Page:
Decision 2012

Nov 5, 2012 8:24 PM by Nathan O'Neal

Hispanic vote could impact election

TUCSON - Candidates on both the national and local stages have tried to sway the coveted Hispanic vote in an effort to take control of a growing demographic that continues to become more important each year.

As the Presidential race nears the finish line, campaigns both big and small, are hoping for a big rally from a key group: Hispanics.

"I think it's going to play a big role...or I hope bigger than previous elections," said Margaret Dominguez, a dual U.S.-Mexico citizen and Ph.D. student at the University of Arizona.

That's the idea many politicians are now banking on, targeting first time voters like 26-year-old Dominguez who is voting in her first election in the U.S.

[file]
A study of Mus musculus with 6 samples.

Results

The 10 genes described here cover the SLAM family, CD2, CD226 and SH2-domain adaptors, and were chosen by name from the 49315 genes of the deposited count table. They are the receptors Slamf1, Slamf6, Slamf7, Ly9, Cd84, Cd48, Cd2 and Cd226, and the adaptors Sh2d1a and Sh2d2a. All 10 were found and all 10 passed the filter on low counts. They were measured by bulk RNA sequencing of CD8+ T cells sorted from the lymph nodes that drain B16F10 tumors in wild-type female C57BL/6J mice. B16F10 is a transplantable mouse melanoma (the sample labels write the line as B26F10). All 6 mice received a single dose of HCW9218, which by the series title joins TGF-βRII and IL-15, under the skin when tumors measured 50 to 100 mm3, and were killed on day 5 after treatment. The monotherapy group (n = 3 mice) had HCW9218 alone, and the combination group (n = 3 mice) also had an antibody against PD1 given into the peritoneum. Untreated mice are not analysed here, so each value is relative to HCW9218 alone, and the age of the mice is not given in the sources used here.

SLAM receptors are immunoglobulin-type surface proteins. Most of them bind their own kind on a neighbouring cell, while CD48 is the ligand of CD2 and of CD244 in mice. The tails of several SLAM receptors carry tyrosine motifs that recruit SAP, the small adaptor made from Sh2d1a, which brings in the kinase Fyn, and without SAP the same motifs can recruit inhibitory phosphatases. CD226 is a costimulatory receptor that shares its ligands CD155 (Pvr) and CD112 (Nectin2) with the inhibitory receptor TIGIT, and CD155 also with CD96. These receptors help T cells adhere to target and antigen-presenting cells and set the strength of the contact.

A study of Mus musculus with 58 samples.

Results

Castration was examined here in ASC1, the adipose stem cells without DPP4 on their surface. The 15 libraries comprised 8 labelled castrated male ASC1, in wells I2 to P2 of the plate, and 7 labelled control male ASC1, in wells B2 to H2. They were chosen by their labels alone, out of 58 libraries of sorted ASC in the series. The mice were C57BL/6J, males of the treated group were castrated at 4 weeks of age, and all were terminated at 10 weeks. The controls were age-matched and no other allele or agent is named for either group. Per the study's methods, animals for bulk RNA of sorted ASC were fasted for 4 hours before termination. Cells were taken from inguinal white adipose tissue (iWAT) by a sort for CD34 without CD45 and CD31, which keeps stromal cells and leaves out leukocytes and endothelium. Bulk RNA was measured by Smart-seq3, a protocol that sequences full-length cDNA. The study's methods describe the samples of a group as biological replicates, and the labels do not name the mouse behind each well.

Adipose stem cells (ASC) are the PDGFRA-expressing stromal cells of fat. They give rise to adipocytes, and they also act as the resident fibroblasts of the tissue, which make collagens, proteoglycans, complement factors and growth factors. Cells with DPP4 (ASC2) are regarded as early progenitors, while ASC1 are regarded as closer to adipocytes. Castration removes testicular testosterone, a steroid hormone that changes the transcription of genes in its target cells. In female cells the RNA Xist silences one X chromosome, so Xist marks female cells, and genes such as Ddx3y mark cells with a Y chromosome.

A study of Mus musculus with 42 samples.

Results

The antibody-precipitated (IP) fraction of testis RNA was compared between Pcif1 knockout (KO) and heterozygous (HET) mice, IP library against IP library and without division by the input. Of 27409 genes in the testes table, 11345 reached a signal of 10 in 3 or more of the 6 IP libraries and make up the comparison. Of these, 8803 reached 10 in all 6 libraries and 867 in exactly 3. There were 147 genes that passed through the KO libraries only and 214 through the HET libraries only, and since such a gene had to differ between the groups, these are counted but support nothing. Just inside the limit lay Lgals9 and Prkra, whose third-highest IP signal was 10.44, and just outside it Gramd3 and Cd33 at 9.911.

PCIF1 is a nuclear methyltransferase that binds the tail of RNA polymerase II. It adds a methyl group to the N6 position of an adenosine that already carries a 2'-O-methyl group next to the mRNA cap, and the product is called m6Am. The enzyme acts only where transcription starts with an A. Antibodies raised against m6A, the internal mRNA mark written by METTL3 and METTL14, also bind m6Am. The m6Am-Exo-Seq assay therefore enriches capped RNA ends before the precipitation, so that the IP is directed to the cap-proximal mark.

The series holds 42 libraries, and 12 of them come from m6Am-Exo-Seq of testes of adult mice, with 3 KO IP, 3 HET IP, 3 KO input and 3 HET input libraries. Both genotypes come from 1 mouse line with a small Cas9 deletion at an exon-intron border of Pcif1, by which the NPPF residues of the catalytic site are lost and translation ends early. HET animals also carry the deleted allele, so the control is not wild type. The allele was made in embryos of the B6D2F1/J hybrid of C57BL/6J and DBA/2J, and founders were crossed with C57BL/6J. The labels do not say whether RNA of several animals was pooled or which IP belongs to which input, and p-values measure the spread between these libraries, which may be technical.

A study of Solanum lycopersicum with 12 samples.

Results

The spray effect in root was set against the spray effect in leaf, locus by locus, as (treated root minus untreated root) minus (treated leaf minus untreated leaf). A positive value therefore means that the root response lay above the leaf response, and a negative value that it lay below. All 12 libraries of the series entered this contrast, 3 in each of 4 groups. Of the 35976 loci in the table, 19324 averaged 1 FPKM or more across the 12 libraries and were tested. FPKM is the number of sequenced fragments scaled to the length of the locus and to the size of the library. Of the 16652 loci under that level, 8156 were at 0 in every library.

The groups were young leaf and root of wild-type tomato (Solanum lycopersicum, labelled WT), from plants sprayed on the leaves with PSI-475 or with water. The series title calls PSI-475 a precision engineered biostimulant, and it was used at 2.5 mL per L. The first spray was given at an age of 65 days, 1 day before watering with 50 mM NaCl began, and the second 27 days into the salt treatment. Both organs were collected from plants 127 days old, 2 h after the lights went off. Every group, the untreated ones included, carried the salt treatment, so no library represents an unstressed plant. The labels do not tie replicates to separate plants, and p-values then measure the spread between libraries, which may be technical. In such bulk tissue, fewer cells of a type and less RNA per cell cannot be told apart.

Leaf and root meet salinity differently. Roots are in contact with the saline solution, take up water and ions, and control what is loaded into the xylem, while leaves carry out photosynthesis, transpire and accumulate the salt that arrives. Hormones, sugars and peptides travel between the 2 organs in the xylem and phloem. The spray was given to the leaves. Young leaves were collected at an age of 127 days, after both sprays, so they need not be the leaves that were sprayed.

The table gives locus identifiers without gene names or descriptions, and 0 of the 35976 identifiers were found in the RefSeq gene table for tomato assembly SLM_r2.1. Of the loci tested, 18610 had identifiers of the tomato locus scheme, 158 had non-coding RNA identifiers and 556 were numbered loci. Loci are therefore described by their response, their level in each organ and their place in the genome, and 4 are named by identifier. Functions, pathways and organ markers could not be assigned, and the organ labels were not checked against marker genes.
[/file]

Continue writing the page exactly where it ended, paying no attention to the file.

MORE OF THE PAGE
"I got my ballot about 10 days ago in the mail so I was a little bit overwhelmed because the ballot is extremely long," Dominguez said.

After careful consideration, Dominguez said she has already made up her mind on who she will be voting for.

Some groups estimate a record 12.2 million Hispanics to vote in tomorrow's election. That's especially encouraging for folks like Lea Marquez Peterson of the Tucson Hispanic Chamber of Commerce.

"I think the Latino community is something that's undiscovered. There are a lot of people...Latino and otherwise who don't pay a lot of attention to politics," Peterson said.

This year, Peterson expects a significant increase in Hispanic voter turnout, especially with all the interest in the presidential race.

"I think that Latinos are going to have an impact on tomorrow's election," Peterson told News 4 Tucson.

Yet, despite party politics, some voters like Margaret Dominguez just hope people in her community turn out to make their vote count.

"Vote...go out and vote...that's what we have to do," Dominguez said.